Two years ago I mangled my right knee. Classic why-novices-don’t-use-heel-hooks-in-sparring situation. As readers may know, the trouble with heel hooks is that they target the knee and unlike, say, an arm bar, there is little indication of the joint being in danger before it is too late. I had no experience with this technique at the time – my opponent had not learned it in our instructor’s class – so, in ignorance, I rolled straight through the knee; the memory of the loud ‘pop’ turns my stomach to this day. After the initial shock and the adrenaline dump, I felt all right and thought I was able to stand, but I buckled under my own weight and dropped like a stone. I was out of grappling for 9 months.
Recovery was a slow, painful, arduous and demoralising process. I could barely walk for the first month. I started seeing a private physiotherapist about 8 weeks after the injury. While I had been to my GP and A&E the day following the injury and was referred to an NHS physiotherapist, the wait ended up being too long and of course a private physio could work around my schedule rather than the other way around. Essentially, I’d messed up my MCL and meniscus. Months of dedication to physio, starting with getting in and out of my chair on one leg and building up to a weights routine in the gym, paid off and I’ve successfully managed the injury through exercise. Since the injury I’ve become a regular runner, even doing pretty well in the BUPA London 10K last May (48 minutes and change). I do still get occasional weakness and clicking in the knee, which dictates what sort of conditioning I do alongside training from week to week, but overall I’ve been happy to maintain the leg without surgery. What was hardest to heal was my confidence. It took years to feel really safe on the mats again, and only in the last couple months have I been able to confidently pursue take downs.
Having finally ‘gotten over’ my fears and hesitations about moving from standing to the floor, I hadn’t expected to blow out the other knee while doing some light take down practice in no-gi class. This time was pure accident. I had my partner’s leg over wrapped with my right leg and was seeking to take him down by pivoting towards the right while hooking his leg further up. As his weight started to shift he pushed back towards me and the pressure and angle was just not quite right on my supporting leg (the left) and the knee collapsed. My training partner was close to my weight and I believe in this instance it was a case of several factors re. the positioning of my leg as I twisted and as he moved his weight that conspired against me. I managed the walk and bus back home all right, but had to ring my partner to come collect me from my stop as I needed a little support getting back to the house. At this stage, the adrenaline was wearing off and I was becoming increasingly worried that the knee would buckle badly and worsen my injury. I got home and started the RICE protocol and the first dose of a 10-day ibuprofen course, and sort of felt as if I’d only be out of action a few weeks.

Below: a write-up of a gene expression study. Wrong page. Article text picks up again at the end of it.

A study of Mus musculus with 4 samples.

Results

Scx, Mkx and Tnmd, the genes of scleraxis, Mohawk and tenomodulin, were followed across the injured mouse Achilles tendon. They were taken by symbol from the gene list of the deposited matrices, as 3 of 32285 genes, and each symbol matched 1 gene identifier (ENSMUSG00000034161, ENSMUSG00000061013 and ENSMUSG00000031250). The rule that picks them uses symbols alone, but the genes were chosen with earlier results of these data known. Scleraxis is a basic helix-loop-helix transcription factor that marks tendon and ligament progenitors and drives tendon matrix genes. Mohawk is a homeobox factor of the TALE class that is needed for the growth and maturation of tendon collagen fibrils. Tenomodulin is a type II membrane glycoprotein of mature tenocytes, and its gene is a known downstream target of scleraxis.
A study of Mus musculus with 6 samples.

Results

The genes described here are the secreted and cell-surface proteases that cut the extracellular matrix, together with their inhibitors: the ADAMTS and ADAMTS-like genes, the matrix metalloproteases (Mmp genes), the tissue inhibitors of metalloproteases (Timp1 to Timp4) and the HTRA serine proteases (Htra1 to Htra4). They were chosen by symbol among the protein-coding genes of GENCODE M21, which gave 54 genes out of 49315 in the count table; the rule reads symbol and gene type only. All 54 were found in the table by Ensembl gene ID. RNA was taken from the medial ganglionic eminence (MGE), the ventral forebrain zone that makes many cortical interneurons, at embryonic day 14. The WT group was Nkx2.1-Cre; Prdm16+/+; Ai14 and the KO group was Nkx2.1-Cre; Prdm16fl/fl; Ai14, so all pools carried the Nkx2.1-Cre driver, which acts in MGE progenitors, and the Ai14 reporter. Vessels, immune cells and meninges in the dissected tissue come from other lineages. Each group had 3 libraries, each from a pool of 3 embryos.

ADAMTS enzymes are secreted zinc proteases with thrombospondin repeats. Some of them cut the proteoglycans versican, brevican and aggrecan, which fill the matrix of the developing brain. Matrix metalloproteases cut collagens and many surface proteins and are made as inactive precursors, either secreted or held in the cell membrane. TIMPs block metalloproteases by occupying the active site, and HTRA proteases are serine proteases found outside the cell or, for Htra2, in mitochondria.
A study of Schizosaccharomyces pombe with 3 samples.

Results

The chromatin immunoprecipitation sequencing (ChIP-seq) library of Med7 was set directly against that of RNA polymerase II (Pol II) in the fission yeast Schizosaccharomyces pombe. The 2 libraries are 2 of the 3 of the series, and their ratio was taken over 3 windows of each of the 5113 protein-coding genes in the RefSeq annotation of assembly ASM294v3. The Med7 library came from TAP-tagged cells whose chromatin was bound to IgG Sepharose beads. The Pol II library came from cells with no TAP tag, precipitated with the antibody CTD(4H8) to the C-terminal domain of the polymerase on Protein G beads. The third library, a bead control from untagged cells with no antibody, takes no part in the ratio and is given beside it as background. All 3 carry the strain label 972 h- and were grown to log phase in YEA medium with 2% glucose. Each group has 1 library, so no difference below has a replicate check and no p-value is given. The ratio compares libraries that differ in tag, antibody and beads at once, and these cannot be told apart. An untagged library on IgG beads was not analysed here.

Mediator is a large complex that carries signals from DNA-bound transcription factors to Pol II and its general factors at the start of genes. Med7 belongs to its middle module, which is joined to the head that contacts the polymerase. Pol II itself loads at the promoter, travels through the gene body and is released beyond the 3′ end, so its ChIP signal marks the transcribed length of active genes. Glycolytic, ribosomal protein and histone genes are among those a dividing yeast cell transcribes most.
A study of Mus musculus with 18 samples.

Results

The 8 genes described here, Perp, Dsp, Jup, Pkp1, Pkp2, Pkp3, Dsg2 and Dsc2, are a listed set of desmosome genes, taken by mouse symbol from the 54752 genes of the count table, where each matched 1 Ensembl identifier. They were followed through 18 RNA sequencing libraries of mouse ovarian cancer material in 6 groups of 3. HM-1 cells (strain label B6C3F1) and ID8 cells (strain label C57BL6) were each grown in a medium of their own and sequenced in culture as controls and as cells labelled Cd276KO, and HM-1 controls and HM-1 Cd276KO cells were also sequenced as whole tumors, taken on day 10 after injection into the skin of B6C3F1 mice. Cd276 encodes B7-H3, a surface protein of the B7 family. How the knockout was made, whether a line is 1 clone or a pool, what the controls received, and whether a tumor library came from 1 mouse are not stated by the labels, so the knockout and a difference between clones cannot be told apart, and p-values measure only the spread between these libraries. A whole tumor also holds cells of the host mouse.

Wednesday I was really blue and had a ‘crisis of faith’. The swelling was coming on, the knee was super stiff and I had pain on the inside of the knee and a lot of instability if I tried to get about without a strap. The thought of handling another MCL injury along with the worry of how the hell I was supposed to keep the ‘bad’ knee strong with the ‘good’ knee out of action made me hysterical. I was weepy all day and felt that perhaps I’d be better off getting out of this crazy game that has left me with two bum knees.
By Thursday I had my emotions locked down and had accepted that injury is as much a part of sport as, for instance, drills, warm ups and cool downs and competition. Indeed, as I’d ‘tweeted’ my injury, I heard from half a dozen players also suffering knee troubles at the minute, so I’m in good company. Ultimately, there is a process of recovery that can’t be rushed, and while it is frustrating to be forced into inactivity, it could be a lot worse for me. As an ‘Internet entrepreneur’ I’m in the privileged position of being able to work on my lappie from bed with my leg up and iced; I don’t need to be physically fit for my living, which is a blessing. My legs are pretty strong as I’ve been working conditioning and physio for two years to maintain the right knee, and this should help recovery. I’ve also got a wonderful coach and team that will help me ease back onto the mats, once I’m rested and well along the road to recovery, perhaps in six to eight weeks.
Today, the knee is still swollen but much less stiff. The RICE and ibuprofen treatments are paying dividends and walking up and down the stairs is much less terrifying and I can support my weight on one leg. I’m hoping to start some light physio next week, but am concentrating for the moment on getting the swelling down so that the muscles can fire properly. It gets me down that I’m going to be out of action for some time, but if I take care of myself I can recover well and get back to being a sweaty mess. In the meantime I can work Pilates as the knee allows and try to enjoy my newly freed up time. As coach says, injuries allow us to take stock of where we are and force us to work in new ways while increasing our tenacity and mental toughness.